The value of cash handled by mobile money agents in the five months to May this year declined by Sh76.1 billion on economic hardships in the country.
Data published by the Central Bank of Kenya show that the mobile money agents handled Sh3.09 trillion in the period under review, down from Sh3.17 trillion transacted over the same period last year.
The two percentage point decline occurred in a period when the number of mobile money accounts neared the 80 million mark and the number of agents stood at 334,726.
The drop in the value of cash handled by agents is the first since the pandemic year and has been blamed on tough economic times that have seen the country’s inflation remain above the central bank target of 7.5 percent for 13 consecutive months.
This May recorded the biggest decline — by Sh48.2 billion to Sh615 billion — compared to the same month last year.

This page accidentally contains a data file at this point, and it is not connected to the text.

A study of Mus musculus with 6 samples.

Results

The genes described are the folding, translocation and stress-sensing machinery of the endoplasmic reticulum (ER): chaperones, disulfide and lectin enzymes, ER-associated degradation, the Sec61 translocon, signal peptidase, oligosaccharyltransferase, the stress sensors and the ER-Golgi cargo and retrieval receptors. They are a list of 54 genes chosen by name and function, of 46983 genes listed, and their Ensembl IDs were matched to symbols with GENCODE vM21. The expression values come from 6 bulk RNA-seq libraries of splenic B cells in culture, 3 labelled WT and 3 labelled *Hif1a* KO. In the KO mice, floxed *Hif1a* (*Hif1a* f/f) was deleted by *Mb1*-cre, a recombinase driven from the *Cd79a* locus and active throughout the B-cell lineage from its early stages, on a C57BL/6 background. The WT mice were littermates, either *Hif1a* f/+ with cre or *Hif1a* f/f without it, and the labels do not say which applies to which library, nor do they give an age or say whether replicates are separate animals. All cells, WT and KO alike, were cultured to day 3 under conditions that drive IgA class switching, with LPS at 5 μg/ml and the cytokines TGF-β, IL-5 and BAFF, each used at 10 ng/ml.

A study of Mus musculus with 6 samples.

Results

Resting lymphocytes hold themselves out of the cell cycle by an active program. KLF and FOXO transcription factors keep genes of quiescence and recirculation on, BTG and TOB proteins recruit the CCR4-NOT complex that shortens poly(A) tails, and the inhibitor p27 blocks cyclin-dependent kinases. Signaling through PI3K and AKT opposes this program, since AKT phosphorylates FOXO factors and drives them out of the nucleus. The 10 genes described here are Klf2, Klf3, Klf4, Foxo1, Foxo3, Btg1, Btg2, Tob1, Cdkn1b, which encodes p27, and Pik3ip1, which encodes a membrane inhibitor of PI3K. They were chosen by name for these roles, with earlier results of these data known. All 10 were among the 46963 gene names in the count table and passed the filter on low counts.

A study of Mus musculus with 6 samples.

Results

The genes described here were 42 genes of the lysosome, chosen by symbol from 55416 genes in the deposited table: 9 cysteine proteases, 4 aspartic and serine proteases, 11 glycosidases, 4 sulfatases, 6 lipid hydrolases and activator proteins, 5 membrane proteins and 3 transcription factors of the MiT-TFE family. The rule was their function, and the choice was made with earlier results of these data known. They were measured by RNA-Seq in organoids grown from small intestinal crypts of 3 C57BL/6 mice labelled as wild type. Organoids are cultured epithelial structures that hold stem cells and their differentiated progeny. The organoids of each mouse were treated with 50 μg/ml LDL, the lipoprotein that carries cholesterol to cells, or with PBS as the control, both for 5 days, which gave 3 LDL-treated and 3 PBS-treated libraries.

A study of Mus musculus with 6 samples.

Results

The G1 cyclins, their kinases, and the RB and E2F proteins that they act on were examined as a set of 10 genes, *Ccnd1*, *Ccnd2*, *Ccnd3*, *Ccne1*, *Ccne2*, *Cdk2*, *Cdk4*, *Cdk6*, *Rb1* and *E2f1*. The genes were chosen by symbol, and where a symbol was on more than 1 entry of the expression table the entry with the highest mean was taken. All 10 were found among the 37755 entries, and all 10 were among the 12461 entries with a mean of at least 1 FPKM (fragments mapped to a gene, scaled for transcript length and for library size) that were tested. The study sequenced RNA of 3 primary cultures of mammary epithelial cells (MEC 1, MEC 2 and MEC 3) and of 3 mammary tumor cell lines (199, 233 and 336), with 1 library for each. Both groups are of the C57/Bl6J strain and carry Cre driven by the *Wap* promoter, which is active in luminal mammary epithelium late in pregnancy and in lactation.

The weakening of the Kenyan shilling against major global currencies has led to a high cost of imports that has in turn led to an increase in the cost of goods.
High inflation and slower or no growth in wages means Kenyans are operating on reduced wages and have little to spare and send to their dependents.
The country’s economy expanded by 5.3 percent in the first quarter, a slower growth compared to the 6.2 percent recorded over the same period last year.
According to the Purchasing Managers' Index (PMI) the Kenyan private sector has experienced a downturn this year, with the headline index remaining below the 50-point mark since February.
The index measures the robustness or prevailing economic environment for business. It attributed the economic woes in the first half of the year to price pressures, high fuel costs and a weakening shilling.
According to the Communications Authority of Kenya, Safaricom’s M-Pesa enjoys an overwhelming majority of the mobile money market share standing at 97 percent followed by Airtel Money at three percent.
The agents last year handled Sh7.9 trillion, an equivalent of 59 percent of the country’s gross domestic product (GDP).